ITC judge rules ZF transmission infringes Eaton patent; final ruling due in April

A U.S. International Trade Commission judge issued an initial ruling Jan. 7 that automated truck transmissions manufactured and marketed by ZF Friedrichshafen AG, ArvinMeritor and ZFMeritor infringe an Eaton patent and are being unlawfully imported into the United States.

The ITC will issue a final verdict April 7.

The ITC accepted only one of 76 patent infringement claims Eaton filed. That particular claim covered aspects of the ZF FreedomLine transmission’s interaction with other systems, according to an ArvinMeritor press release issued four days after the ruling.

“We are pleased with the initial decision,” said Gary Klasen, a spokesman for Eaton. He said the company would wait for the ITC’s final decision before speculating on actions resulting from the case.

Should the ITC’s final decision be in favor of Eaton, ZF, ArvinMeritor and ZFM could be prohibited from importing and selling of ZF Freedomline transmission systems and components in the United States.

The Tariff Act of 1930 made it unlawful to import or sell items that infringe a valid and enforceable U.S. trademark. Because manufacturers are charged with protecting their own trademarks, a favorable ITC ruling is needed before items that potentially infringe patents are blocked from importation.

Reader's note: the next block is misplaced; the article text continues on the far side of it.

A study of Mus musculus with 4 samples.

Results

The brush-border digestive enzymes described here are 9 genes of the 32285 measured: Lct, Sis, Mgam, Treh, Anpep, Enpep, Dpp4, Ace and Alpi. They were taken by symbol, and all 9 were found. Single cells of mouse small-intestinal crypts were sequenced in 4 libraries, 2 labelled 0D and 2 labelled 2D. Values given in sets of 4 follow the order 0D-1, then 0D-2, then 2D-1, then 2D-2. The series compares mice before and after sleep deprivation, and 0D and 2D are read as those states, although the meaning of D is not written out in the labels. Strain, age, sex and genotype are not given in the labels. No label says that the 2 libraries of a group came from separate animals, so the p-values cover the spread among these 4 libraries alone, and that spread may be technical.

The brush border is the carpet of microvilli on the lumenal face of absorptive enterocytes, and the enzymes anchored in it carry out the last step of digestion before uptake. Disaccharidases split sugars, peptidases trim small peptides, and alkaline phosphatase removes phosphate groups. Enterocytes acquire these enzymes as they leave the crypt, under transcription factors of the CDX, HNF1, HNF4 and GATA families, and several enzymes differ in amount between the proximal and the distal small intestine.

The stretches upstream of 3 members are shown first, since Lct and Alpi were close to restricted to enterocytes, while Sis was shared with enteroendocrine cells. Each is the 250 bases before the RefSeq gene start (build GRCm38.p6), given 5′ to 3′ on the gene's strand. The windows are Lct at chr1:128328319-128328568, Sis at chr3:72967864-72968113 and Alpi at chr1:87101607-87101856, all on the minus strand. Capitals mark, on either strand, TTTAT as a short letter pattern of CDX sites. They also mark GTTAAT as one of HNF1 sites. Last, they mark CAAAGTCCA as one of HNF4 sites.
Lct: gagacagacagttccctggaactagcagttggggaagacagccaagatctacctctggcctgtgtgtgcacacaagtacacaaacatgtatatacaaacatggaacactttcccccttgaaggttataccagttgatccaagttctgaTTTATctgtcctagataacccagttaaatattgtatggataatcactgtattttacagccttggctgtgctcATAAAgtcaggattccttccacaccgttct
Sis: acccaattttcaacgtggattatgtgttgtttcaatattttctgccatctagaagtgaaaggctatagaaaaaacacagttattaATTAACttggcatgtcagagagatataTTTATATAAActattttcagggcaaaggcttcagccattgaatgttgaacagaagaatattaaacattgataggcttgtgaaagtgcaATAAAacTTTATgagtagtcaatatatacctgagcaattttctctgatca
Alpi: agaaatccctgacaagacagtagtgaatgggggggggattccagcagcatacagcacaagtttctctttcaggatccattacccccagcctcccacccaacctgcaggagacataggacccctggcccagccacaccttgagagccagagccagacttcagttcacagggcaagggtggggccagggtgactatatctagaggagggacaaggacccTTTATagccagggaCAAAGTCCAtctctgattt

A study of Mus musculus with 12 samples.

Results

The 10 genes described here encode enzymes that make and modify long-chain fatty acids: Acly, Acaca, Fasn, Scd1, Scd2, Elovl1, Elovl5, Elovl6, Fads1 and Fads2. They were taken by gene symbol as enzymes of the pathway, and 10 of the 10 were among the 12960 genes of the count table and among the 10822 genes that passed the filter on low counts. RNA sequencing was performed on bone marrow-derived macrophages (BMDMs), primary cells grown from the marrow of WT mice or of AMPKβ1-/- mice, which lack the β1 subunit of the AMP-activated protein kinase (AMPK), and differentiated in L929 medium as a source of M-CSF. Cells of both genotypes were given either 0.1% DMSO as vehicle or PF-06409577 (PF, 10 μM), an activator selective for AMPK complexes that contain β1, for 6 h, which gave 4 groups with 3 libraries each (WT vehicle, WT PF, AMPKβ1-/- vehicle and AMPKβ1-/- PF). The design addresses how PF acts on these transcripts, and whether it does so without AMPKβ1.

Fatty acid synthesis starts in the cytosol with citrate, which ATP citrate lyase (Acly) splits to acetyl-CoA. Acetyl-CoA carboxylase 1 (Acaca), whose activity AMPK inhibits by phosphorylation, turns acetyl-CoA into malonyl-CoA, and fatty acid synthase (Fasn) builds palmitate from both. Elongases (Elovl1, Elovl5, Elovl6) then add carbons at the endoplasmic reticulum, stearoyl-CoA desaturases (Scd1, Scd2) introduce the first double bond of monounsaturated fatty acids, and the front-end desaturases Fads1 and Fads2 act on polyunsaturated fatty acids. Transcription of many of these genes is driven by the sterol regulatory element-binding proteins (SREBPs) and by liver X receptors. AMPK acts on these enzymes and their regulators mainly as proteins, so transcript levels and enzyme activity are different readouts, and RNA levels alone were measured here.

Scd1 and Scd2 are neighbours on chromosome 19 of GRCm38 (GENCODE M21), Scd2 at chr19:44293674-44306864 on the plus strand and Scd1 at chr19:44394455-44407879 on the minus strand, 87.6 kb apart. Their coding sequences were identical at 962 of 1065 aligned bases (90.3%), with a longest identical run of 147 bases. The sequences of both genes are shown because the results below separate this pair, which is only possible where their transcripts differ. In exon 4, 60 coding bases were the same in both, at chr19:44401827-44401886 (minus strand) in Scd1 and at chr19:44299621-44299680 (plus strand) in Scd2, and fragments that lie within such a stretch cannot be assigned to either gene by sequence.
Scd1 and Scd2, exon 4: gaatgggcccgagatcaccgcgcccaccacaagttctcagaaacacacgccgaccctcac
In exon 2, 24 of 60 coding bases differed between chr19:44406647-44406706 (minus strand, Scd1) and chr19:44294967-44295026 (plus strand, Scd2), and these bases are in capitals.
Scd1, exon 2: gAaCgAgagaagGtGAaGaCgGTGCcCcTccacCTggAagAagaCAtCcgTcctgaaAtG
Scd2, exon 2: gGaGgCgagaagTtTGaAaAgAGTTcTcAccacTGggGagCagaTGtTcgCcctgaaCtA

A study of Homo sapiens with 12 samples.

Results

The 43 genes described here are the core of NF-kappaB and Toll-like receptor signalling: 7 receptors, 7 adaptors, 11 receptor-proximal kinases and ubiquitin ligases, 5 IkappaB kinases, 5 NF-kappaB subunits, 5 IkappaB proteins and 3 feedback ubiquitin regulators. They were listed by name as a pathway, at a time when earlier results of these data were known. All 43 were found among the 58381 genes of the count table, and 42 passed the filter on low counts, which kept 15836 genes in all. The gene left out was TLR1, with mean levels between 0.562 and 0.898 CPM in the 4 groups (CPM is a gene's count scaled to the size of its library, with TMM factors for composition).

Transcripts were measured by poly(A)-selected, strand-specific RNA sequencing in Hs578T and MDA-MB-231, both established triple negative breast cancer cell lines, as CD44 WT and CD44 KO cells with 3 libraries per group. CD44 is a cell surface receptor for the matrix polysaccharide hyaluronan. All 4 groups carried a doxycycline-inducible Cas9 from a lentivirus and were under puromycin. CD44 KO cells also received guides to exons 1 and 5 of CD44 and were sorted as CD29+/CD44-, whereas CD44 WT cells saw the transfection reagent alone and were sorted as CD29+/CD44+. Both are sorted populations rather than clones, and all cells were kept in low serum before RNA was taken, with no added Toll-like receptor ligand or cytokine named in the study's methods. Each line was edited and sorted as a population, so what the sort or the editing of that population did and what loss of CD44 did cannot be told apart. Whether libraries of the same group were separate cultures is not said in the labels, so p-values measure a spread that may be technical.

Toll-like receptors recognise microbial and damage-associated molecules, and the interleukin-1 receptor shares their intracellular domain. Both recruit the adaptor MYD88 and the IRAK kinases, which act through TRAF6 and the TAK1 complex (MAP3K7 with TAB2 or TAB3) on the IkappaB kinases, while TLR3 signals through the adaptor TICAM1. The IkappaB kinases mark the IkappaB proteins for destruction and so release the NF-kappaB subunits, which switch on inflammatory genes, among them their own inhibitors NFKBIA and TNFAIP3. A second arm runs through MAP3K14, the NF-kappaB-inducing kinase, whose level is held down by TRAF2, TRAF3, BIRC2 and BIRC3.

Eaton President James E. Sweetnam said the company would vigorously defend its patents against infringement by other companies. Since 1997, the company has filed three patent actions against ArvinMeritor and ZF, including the present case.

ArvinMeritor prevailed against Eaton on appeal in a patent infringement suit against its ESS transmission. The company — with ZF — also succeeded against Eaton in a patent office action to wrest ownership of a torque prediction patent.

ArvinMeritor filed a patent infringement lawsuit in North Carolina against Eaton last year alleging infringement of its U.S. patent covering torque prediction. That case is still pending.

Vernon Baker, ArvinMeritor vice president and general counsel, said his company would appeal to the Federal Court of Appeals if the ITC judge’s initial decision proves conclusive.

“We are confident, upon appeal, that we will have a different ruling, and that we will prevail in offering truck operators a proven choice of technology,” said Tom Gosnell, president of ArvinMeritor’s commercial vehicle systems business group.

Eaton, a producer of power systems and services for industrial, mobile and aircraft equipment, and Arvin Meritor both amass annual sales of approximately $8 billion. The latter supplies integrated systems, modules and components to the motor vehicle industry.

Patrick Beeson can be contacted at pbeeson@randallpub.com.